29/01/2021 – The COVID-19 pandemic hit Bulgaria as its economy was performing well. Along with continued support to help households and firms weather the crisis, reforms to modernise the economy, improve the business environment and enhance skills in the workforce would help to strengthen the country’s recovery, according to a new OECD report.
A new OECD Economic Assessment of Bulgaria, says the recovery from the economic shock caused by COVID-19 will take time. As an open economy specialised in manufacturing exports, Bulgaria remains exposed to further shocks to external demand, even though prudent management of public finances has put the country in a solid position to provide continued support. There is also room for investment in areas like transport, energy and digital infrastructure, which would invigorate the recovery.
“The COVID-19 crisis has hit Bulgaria in a period of robust economic growth and rising incomes. Getting through this crisis and coming out in stronger shape will require continued support to people and businesses as well as investment and reforms to drive productivity and raise living standards for all Bulgarians,” said OECD Secretary-General Angel Gurría in a video message at a virtual launch of the Assessment with Prime Minister Boyko Borissov.
Prior to the pandemic, a series of structural reforms, the successful integration of Bulgarian manufacturing firms into global production chains and sound macroeconomic policies had led to five years of growth rates above 3%, a rapid rise in real wages and a drop in unemployment to historic lows. The Assessment now projects a GDP contraction of 4.1% in 2020, followed by a return to growth in GDP of 3.3% in 2021 and 3.7% in 2022.
Bulgaria’s wage subsidy scheme has protected jobs and household incomes from the worst of the impact, but the COVID-19 shock has caused a drop in output not seen since the 1996-97 banking crisis. Youths have been particularly affected by job losses in in a country already challenged by high income inequality and relative poverty.
Another key challenge Bulgaria faced even before the pandemic is an ageing and rapidly shrinking population, with young people migrating in search of work, and the large impact this demographic change has on rural areas.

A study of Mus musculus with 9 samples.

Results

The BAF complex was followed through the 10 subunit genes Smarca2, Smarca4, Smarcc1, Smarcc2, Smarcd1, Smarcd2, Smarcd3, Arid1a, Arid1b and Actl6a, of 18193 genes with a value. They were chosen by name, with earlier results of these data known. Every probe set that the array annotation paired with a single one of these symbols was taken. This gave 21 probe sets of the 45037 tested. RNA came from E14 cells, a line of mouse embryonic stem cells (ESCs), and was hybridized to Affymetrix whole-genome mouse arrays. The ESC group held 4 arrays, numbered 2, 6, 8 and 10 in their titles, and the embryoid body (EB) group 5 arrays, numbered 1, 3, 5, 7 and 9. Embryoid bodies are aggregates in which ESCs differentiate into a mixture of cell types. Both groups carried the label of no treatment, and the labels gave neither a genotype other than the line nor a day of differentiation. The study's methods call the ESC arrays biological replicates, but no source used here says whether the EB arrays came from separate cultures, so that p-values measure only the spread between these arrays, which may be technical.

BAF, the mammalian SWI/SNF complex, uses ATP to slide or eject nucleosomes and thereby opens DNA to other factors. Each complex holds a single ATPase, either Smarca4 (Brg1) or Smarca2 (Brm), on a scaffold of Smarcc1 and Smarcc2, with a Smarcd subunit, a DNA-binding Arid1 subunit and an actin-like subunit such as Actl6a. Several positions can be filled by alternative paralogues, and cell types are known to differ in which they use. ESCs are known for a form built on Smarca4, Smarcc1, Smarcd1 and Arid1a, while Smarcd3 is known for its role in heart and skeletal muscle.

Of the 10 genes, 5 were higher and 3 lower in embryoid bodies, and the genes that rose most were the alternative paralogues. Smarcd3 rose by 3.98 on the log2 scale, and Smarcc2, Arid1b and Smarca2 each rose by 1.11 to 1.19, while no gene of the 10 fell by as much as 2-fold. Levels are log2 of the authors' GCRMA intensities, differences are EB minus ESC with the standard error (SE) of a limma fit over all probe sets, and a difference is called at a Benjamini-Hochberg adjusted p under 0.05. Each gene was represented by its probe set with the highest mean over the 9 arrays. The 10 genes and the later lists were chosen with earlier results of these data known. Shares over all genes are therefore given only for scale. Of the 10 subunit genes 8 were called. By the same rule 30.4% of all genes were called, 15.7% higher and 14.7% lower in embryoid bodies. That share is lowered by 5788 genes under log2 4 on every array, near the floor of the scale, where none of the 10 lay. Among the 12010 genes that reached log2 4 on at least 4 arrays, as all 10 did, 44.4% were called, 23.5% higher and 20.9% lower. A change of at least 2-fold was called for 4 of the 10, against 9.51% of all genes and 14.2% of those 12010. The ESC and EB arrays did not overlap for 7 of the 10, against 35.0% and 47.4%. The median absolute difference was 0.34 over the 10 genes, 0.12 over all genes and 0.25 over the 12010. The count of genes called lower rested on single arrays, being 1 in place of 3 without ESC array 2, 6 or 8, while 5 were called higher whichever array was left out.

Increasing productivity growth will be vital to raise living standards. The Assessment recommends reforms to improve the business environment and enhance education and adult skills, including through retraining programmes to help unemployed workers find new jobs. Infrastructure investment should focus on improving Internet and transport connections and other services in rural regions. Housing reform has become more urgent to foster mobility and to ensure there is enough affordable housing in cities for workers taking up new jobs.
Reducing regulatory barriers and business red tape, modernising competition policy and improving the governance of state-owned enterprises would all help to stimulate business dynamism in an economy where close to a third of public procurement contracts are granted without a call for tender. A more rapid insolvency framework would also reduce cases of non-viable firms holding back resources and banking credit. The recovery should also be used to accelerate the transition to a lower-carbon economy, including by mobilising EU funds.
The Assessment also calls for Bulgaria to continue its efforts to fight corruption and organised crime. Important steps have been taken to reform the judiciary, but more is needed to strengthen accountability, safeguard judicial independence and establish a coherent system of public integrity. More should also be done to regulate lobbying and protect the independence of the media.